Paul M. Sutter is an astrophysicist at SUNY Stony Brook and the Flatiron Institute, host of "Ask a Spaceman" and "Space Radio," and author of "How to Die in Space." Sutter contributed this article to Space.com's Expert Voices: Op-Ed & Insights.
It may be possible to build a real, traversable wormhole, but only if our universe has extra dimensions, a team of physicists has found.
To make a wormhole, you need to glue together different parts of the universe, connecting them by a bridge or a tunnel, usually called a "throat." This throat can be as big or as long as you want, but typically, you want it to be shorter than the normal distance to your destination. In Einstein's theory of general relativity, making a wormhole is pretty straightforward: You just build a black hole and connect it to a white hole (which is the exact opposite of a black hole), and boom, there you have it: a tunnel through space-time.
Unfortunately, the biggest problem with wormholes is that they are fantastically unstable. As soon as they form, their enormous gravitational strengths (they are literally made of black holes, after all) rip them apart faster than the speed of light, which makes them rather useless as actual shortcuts through the universe.
The only known way to stabilize a wormhole is to use some form of exotic matter. Exotic matter can take the form of matter with negative mass, which doesn't appear to exist in the universe, or some other scenario that violates what are known as the energy conditions of general relativity. The energy conditions simply state that everybody should experience positive energy, on average, pretty much everywhere they go. To stabilize a wormhole, however, a traveler would have to experience a region of negative energy. This negative energy would balance out the positive energy of the mass of the traveler, keeping the wormhole open as they passed through it.
There are some physical scenarios that lead to violations of some of the energy conditions some of the time. However, physicists do not know of a single instance in which all of the energy conditions are violated, on average, over long periods of time — which is exactly what you need to do to build a wormhole.
Your "brane" on physics
Gravity is extremely weak; it's billions upon billions of times weaker than any other force of nature. This fact troubles many physicists, because when something is so strikingly different from the rest of the universe, there's usually some interesting physical explanation behind it.
But we have no physical explanation for why gravity is so weak. One idea among theoretical physicists is that there's more to the universe than meets the eye. Inspired by string theory's concept of many extra spatial dimensions all wrapped up on themselves and compressed to submicroscopic scales, some theories propose that there are additional spatial dimensions to reality, besides the usual three.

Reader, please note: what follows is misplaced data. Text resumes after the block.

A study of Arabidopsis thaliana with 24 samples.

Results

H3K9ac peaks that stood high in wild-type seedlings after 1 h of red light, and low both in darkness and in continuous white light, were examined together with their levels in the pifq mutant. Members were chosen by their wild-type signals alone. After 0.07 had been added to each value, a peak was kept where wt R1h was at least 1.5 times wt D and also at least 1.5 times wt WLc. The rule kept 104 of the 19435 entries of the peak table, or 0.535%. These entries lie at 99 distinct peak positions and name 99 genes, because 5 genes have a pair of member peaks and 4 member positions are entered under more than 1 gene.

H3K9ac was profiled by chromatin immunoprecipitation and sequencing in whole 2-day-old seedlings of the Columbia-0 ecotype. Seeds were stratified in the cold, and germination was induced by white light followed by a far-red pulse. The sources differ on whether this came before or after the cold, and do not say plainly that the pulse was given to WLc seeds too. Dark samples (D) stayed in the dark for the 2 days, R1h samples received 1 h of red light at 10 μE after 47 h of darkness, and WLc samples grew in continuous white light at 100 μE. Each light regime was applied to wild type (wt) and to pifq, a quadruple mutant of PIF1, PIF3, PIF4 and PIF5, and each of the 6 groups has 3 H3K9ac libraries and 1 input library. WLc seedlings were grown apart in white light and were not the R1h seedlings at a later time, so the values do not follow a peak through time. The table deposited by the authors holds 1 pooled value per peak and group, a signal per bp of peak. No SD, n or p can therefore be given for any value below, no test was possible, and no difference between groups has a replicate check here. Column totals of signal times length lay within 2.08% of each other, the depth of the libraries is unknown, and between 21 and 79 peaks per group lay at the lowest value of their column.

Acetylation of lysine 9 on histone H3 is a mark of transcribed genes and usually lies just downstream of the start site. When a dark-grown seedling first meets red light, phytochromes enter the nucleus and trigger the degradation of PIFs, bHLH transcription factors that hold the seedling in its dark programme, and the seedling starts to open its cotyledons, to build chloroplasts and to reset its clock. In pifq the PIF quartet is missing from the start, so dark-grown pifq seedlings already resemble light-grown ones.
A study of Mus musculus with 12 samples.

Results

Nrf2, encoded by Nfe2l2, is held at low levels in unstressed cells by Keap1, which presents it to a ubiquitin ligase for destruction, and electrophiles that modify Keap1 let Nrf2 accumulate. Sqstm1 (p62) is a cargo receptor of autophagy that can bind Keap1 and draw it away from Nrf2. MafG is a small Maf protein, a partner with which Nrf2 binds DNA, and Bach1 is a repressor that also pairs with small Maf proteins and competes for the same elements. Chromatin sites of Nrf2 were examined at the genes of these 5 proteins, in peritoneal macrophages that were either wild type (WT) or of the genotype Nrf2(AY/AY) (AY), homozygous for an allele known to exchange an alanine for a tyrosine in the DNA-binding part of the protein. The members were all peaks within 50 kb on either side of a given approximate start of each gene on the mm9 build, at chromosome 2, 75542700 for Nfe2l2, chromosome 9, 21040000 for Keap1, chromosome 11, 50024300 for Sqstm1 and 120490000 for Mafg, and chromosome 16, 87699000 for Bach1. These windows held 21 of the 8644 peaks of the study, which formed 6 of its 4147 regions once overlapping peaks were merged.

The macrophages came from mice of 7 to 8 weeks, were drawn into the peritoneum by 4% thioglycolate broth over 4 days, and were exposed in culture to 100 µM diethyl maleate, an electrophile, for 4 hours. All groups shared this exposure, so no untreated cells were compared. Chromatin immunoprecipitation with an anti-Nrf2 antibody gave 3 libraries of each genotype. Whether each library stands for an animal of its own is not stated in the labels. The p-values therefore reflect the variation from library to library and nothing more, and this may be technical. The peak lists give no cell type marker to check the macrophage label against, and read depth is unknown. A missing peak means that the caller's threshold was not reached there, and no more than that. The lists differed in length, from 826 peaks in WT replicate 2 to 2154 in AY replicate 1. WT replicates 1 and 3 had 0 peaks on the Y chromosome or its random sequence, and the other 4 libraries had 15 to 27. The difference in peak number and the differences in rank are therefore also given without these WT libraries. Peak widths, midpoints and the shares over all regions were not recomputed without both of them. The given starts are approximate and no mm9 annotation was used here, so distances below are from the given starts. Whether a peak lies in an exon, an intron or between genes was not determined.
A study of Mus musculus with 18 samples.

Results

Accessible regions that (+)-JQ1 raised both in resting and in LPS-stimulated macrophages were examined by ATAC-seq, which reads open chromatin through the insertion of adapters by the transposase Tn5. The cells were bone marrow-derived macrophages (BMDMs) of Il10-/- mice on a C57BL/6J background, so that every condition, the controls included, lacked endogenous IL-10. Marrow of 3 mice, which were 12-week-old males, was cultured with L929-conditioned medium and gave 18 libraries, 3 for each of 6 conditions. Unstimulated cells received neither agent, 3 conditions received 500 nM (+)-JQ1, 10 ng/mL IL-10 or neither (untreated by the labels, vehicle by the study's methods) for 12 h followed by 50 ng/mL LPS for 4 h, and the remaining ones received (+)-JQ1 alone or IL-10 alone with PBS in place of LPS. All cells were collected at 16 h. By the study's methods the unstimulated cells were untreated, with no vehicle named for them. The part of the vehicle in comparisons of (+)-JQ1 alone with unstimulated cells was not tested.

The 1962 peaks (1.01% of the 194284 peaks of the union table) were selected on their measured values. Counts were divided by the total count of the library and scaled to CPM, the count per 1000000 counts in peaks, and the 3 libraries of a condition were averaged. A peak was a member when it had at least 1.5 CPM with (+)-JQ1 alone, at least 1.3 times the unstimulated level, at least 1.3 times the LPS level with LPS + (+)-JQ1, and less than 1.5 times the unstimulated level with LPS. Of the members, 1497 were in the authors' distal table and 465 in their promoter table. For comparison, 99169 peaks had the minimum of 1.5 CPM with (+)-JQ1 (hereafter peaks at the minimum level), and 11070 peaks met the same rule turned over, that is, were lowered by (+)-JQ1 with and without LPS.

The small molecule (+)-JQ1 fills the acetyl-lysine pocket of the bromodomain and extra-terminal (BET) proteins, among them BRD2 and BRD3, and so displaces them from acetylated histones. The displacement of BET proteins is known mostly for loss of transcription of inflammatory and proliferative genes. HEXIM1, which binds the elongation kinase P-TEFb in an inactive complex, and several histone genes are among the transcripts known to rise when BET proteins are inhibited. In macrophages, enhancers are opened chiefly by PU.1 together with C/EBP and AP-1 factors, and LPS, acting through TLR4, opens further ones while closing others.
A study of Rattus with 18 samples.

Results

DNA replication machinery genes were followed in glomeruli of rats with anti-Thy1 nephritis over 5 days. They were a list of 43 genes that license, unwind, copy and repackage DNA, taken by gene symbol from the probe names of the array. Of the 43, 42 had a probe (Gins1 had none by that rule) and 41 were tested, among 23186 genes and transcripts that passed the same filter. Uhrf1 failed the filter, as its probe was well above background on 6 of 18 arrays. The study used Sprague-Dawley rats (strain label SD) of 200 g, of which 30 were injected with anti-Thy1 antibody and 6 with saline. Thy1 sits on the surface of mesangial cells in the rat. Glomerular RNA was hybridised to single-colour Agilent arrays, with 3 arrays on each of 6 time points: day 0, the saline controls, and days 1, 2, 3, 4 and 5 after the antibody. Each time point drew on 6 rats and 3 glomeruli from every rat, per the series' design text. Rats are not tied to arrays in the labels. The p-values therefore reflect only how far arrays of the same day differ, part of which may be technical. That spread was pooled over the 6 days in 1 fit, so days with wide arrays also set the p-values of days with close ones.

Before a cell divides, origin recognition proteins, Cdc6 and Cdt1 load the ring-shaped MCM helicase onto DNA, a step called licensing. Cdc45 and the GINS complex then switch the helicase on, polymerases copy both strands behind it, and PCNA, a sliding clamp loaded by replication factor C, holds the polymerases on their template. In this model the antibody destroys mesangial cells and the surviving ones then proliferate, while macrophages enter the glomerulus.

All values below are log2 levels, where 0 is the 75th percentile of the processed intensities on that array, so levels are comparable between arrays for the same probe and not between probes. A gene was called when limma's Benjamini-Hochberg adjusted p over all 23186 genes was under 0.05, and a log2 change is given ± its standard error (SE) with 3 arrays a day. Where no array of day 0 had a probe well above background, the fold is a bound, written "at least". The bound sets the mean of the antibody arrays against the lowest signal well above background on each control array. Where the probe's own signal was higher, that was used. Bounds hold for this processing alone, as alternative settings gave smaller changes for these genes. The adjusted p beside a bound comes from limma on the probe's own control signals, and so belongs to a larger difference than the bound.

In these theories, our three dimensions are just a "brane," a relatively thin membrane that exists within a higher-dimensional "bulk." Those extra dimensions aren't necessarily huge; if they were, we would've noticed particles or planets appearing and disappearing from the extra dimension. But the extra dimensions might be larger than the minuscule dimensions of string theory — perhaps as big as a millimeter.
In this scenario, all the forces and particles of nature are then confined to the three-dimensional brane, while gravity alone has the privilege of traveling through the bulk. Thus, gravity could be just as strong as every other force, but it's so heavily diluted among all the extra dimensions that it appears weak to our three-dimensional experience.
Through the wormhole
Because these brane-based ideas are attempts to understand gravity, they open up new opportunities to explore the nature of wormholes. Our knowledge of wormholes is governed by general relativity, but perhaps the presence of extra dimensions changes how general relativity operates, thus making wormholes possible, an Indian research team proposes in a new paper posted to the preprint database arXiv.
In the paper, the physicists explored whether it would be possible to build a wormhole in the "braneworld" model first proposed by physicists Lisa Randall and Raman Sundrum in 1999.
The authors of the new paper found that they could indeed build a stable, traversable wormhole in this brane-based model of gravity. Even better, they didn't need any exotic matter to do it.
Although the team did find that this situation still violated the energy conditions of general relativity, they argued that this violation was a feature, not a bug. Instead of requiring some weird and exotic (and probably impossible) ingredient to build a wormhole, the nature of gravity in the extra spatial dimensions naturally gave rise to a violation of the energy conditions. Once those conditions were broken, wormholes became a natural consequence, they said.
The researchers even went so far as to suggest that if we were to ever directly observe or create a wormhole, this might indicate that the universe has more spatial dimensions than the usual three.
As with all theoretical work on the subject of wormholes, this is not the final word. Nobody knows if the Randall-Sundrum theory, or any other theory based on branes and extra dimensions, is correct. And nobody has a quantum theory of gravity — a theory of strong gravity at small scales — which would almost certainly change the calculations, perhaps to the point of once again eliminating the possibility of wormholes.
But this result is still interesting, as it joins a number of efforts to explore the edges of our understanding of gravity, taking general relativity to the absolute limits. Wormholes may or may not exist, but attempting to understand them will definitely increase our knowledge of the universe.